Scenic road status not top priority


Supervisors this week postponed a request by a group of homeowners in and around Lucas Valley to begin a process to turn Lucas Valley Road into the county’s first scenic highway, explaining it is not a top priority amid what one supervisor described as a “very aggressive, ambitious workload.”

Supervisors at Tuesday’s board meeting, which drew a number of homeowners, said the county is facing cuts to staffing and resources and is occupied with more pressing initiatives.

Tom Lai, assistant director of the Community Development Agency, said that, even though plans acknowledging the road, among others, as a potential scenic highway are listed in the Countywide Plan, it was not “significant enough to warrant changing… and deferring higher priorities.” Among those priorities are plans to update stream and wetlands ordinances and finalize the county’s coastal program. 

But it is a priority for a coalition of homeowners, from Lucas Valley to San Rafael, who within the past few months have gather more than 250 signatures requesting the county to start the process.  

Among them is Carolyn Lenert, chair of the homeowners group pushing for the designation, who cast efforts to enshrine the largely rural road as a scenic route as a matter of preservation. “You can call that activism, if you like, you can call it leadership. But what we do all agree on is the health, safety and the beauty of this incredible area we live in is paramount,” she said.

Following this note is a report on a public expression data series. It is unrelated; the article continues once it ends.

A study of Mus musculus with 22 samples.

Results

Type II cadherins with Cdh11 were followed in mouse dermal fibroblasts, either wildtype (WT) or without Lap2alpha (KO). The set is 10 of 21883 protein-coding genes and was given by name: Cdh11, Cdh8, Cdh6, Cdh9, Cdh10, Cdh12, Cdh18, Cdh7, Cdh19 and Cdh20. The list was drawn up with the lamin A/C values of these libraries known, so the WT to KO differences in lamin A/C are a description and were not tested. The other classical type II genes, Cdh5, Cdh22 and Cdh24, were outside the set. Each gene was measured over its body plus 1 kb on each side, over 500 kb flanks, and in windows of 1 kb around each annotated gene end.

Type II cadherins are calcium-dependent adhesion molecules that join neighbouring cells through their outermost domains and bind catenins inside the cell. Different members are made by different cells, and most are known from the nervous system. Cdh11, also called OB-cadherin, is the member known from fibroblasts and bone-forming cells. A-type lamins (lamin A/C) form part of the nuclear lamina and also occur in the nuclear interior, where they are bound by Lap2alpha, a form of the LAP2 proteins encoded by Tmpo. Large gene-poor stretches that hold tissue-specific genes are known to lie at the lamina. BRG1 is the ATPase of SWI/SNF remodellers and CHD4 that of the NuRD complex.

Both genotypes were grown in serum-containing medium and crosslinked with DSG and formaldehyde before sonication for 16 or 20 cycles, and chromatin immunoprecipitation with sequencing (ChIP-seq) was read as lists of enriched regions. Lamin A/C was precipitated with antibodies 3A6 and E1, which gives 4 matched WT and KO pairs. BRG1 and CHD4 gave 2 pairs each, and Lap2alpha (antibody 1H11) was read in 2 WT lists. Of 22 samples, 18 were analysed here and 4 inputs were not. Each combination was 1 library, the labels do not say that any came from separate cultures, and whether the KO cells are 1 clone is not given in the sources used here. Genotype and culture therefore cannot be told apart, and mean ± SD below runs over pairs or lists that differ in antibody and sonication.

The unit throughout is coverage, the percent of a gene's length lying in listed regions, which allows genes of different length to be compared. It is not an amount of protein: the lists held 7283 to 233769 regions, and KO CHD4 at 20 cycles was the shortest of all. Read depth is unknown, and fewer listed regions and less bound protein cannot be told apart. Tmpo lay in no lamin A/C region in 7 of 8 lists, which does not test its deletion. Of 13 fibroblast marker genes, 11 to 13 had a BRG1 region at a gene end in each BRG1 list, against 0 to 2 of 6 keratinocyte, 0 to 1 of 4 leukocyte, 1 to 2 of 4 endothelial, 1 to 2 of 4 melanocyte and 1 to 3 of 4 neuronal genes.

Other residents, including Dale Miller, whose home is adjacent to Lucas Valley Road, are concerned such a designation would result in tighter building regulations, including setback requirements from the road. “We need to be careful about taking this next step,” he said. “It may not be the best way to maintain this scenic area in our community.”

The homeowners’ online petition, which emerged a couple months ago, comes as the Marin Community Foundation is seeking developers for low-income housing on a part of the Grady Ranch abutting Lucas Valley Road.  

That part of the ranch, whose zoning regulations the county plans to change to permit up to 240 low-income homes, was the site Lucasfilm had chosen to develop a digital production studio; those plans were scrapped last year amid criticism from nearby homeowners, some of whom are now backing the petition.

Dr. Tom Peters, president and CEO of the community foundation, assured any type of development, if approved, will comply with county regulations.

“We absolutely intend the homes to be so aesthetically pleasing and tied into the environment… that it will be a beautiful addition to the scenic nature of the valley,” he said. The foundation will review applications in the coming months before seeking a potential developer.

It is unclear whether the scenic designation would increase building regulations already seen by some as excessive.

The process, overseen by the state’s Department of Transportation, requires the county to develop policies complying with state guidelines for a scenic highway.

Supervisor Susan Adams, whose district covers most of the road, said the board may reconsider the process in the next year and a half to gain a “deeper understanding of the pros and cons.”

“It’s not a, ‘No,’” Ms. Adams said by phone after the meeting, “but there’s no big rush to do this.”